Perhaps talk about the I-59 Technology Corridor has decreased, but the high-tech companies along the South Mississippi interstate are still going strong and new entities have set up shop. Thus, area economic development organizations are still touting it to prospects.
“We still use (the I-59 Tech Corridor) in our marketing, and so does the Area Development Partnership (ADP),” said Mitch Stennett, president of the Economic Development Authority of Jones County (EDA). “Our hope is that the Corridor is yet to see its finest day.”
Seeing a niche
Stennett was one of the developers of the I-59 Tech Corridor concept back in the early part of this decade. He noted all of the high-tech companies operating along Interstate 59, the higher education opportunities and the surrounding major markets, and thought perhaps the area could be marketed as something of a “Silicon Valley South.”
Along a 168-mile stretch between Meridian/Lauderdale County and Stennis Space Center in Hancock County, more than 400 companies are in operation employing 11,000 employees, according to the ADP in Hattiesburg. A sampling of these businesses includes Peavey Electronics, Hybrid Plastics, Howard Industries, Lockheed Martin, Northrop Grumman and Rexel.
The Corridor is also served well by higher education. The University of Southern Mississippi, Mississippi State University-Meridian, Jones County Junior College, Pearl River Community College, Meridian Community College, William Carey University as well as the Center for Higher Learning at Stennis are all located along the Corridor.
In addition, the area is sandwiched between major markets such as Jackson, Mobile and Birmingham, Ala., and New Orleans, with excellent infrastructure connecting these markets to the corridor.
Stennett and Gray Swoope, who was then executive director of the ADP and is now head of the Mississippi Development Authority, hammered out the preliminaries, and the Corridor was off and running.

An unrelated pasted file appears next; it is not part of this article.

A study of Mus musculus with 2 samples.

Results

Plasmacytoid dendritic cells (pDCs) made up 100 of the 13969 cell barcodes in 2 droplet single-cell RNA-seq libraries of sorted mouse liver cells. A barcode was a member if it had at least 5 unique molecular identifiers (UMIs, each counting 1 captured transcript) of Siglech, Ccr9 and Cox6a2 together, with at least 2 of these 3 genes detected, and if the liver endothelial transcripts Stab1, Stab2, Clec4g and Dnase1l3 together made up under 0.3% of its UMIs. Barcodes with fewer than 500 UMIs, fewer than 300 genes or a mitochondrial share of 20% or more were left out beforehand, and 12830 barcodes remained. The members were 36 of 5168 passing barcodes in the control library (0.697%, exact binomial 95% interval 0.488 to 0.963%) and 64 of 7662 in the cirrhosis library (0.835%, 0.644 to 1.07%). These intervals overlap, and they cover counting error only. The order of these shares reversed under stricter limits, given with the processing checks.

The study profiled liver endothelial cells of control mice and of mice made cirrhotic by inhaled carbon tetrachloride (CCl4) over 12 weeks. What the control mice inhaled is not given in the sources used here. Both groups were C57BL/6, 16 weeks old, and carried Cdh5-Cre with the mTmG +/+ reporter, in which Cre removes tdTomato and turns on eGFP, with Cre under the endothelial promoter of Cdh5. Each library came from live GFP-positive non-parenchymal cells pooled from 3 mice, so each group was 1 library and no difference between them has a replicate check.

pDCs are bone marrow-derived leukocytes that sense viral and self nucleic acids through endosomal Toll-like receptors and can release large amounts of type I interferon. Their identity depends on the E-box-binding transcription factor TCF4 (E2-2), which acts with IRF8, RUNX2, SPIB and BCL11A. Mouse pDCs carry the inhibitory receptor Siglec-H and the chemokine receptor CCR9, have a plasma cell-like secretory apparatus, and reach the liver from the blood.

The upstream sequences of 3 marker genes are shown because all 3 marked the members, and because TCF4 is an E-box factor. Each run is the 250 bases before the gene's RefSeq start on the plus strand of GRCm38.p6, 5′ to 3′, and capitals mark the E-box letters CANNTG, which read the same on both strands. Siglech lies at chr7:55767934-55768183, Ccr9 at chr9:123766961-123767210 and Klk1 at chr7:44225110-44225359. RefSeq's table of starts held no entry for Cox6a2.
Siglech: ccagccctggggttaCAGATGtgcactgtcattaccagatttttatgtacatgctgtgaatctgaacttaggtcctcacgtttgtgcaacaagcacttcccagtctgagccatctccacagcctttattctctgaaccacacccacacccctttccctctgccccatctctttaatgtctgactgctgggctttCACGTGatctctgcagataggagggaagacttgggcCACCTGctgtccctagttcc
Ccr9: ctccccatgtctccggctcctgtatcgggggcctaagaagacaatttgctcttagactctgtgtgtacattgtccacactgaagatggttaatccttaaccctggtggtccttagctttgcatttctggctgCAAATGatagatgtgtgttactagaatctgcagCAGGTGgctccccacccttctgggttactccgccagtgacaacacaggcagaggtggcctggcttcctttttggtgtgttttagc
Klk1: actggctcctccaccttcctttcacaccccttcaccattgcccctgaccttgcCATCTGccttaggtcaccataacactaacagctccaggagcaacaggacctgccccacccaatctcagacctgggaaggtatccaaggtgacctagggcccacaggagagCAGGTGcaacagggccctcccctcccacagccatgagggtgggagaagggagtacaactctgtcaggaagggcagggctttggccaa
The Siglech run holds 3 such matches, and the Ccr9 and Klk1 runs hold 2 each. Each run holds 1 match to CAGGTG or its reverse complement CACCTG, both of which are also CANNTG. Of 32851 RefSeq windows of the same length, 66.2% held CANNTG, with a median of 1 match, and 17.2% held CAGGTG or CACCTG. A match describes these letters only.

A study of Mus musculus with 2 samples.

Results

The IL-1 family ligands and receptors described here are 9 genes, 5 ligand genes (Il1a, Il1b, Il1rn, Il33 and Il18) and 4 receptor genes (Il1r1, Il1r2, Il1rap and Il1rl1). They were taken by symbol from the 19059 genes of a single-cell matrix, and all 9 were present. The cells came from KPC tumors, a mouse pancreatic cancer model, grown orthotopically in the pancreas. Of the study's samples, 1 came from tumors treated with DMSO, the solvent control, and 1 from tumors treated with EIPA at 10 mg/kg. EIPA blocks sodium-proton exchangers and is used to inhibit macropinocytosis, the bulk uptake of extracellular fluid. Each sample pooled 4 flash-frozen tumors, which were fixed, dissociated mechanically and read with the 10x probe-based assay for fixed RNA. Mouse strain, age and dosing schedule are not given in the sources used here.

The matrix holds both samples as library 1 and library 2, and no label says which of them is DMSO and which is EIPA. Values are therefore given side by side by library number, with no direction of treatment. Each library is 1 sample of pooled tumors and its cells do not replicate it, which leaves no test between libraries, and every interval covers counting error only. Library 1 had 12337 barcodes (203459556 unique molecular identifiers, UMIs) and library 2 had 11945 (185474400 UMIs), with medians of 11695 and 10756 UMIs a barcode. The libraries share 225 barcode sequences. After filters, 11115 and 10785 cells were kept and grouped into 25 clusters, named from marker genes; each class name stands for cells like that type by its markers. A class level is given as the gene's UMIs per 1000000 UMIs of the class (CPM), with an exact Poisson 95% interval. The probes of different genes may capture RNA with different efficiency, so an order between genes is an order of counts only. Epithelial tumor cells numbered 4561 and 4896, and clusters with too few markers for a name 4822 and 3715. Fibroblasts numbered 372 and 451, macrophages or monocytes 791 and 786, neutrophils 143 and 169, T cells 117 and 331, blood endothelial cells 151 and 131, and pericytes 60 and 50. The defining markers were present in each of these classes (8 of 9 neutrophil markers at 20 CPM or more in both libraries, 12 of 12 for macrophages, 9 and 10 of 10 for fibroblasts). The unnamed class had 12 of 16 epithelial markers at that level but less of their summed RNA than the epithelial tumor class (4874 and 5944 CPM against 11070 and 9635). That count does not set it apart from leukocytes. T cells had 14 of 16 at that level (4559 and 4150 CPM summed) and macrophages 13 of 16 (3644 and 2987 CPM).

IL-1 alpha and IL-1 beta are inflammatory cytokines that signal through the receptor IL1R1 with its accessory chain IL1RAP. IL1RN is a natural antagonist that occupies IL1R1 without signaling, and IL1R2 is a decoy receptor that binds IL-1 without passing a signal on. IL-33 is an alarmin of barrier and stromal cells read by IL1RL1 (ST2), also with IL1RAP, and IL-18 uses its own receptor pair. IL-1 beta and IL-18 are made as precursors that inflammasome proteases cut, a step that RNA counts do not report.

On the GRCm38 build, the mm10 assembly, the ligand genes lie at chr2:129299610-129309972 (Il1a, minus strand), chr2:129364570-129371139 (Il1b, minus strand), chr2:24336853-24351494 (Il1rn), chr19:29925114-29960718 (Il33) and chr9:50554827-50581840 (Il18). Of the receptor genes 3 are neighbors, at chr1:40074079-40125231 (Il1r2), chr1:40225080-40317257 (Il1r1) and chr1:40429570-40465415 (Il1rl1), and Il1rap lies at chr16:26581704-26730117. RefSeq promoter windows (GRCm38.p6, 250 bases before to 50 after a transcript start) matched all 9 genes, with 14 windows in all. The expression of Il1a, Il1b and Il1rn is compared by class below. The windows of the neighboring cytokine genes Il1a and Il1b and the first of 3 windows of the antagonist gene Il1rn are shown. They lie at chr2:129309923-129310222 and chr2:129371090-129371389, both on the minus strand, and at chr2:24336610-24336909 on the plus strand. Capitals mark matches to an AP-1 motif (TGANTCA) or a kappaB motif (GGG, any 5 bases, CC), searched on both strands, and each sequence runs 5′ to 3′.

Stennett and Swoope took the concept to Hal Walters, then with the Hancock County Port and Harbor Commission, and Wade Jones, president of the East Mississippi Business Development Corporation in Meridian.
Both Walters and Jones fully supported the concept. For reinforcement, an outside consulting firm was brought in to do an analysis of the region, and found that the project indeed had merit.
A marketing campaign, developed by Rick Bice of Bice Advertising Inc. in Hattiesburg, launched in the fall of 2003.
The Corridor project caught not only prospects’ eyes, but also others, such as the Mississippi Technology Alliance (MTA). In 2007, MTA presented the John I. Rucker Community Technology Leadership Award to the EDA, partly on the strength of the I-59 Tech Corridor’s success.
Stennett said the I-59 Tech Corridor is far from dead. He said economic development organizations up and down the Corridor simply have not had the time to sit down and “take it to the next level.”
That is not to say that the Corridor is seeing a lack of activity. In fact, the Corridor’s high-tech offerings have grown significantly as of late. A few of the highlights are:
• Peavey Electronics in Meridian made some serious noise during the Summer Olympics in Beijing. It supplied the sound equipment for many of the venues, including the Beijing National Stadium where the opening ceremony was held. In addition, Peavey launched numerous new products in the summer that are garnering much attention.
In October, Howard Technology Park in Ellisville was the first site to be named “Project Ready” under a new site selection.
Contact MBJ staff writer Wally Northway at firstname.lastname@example.org.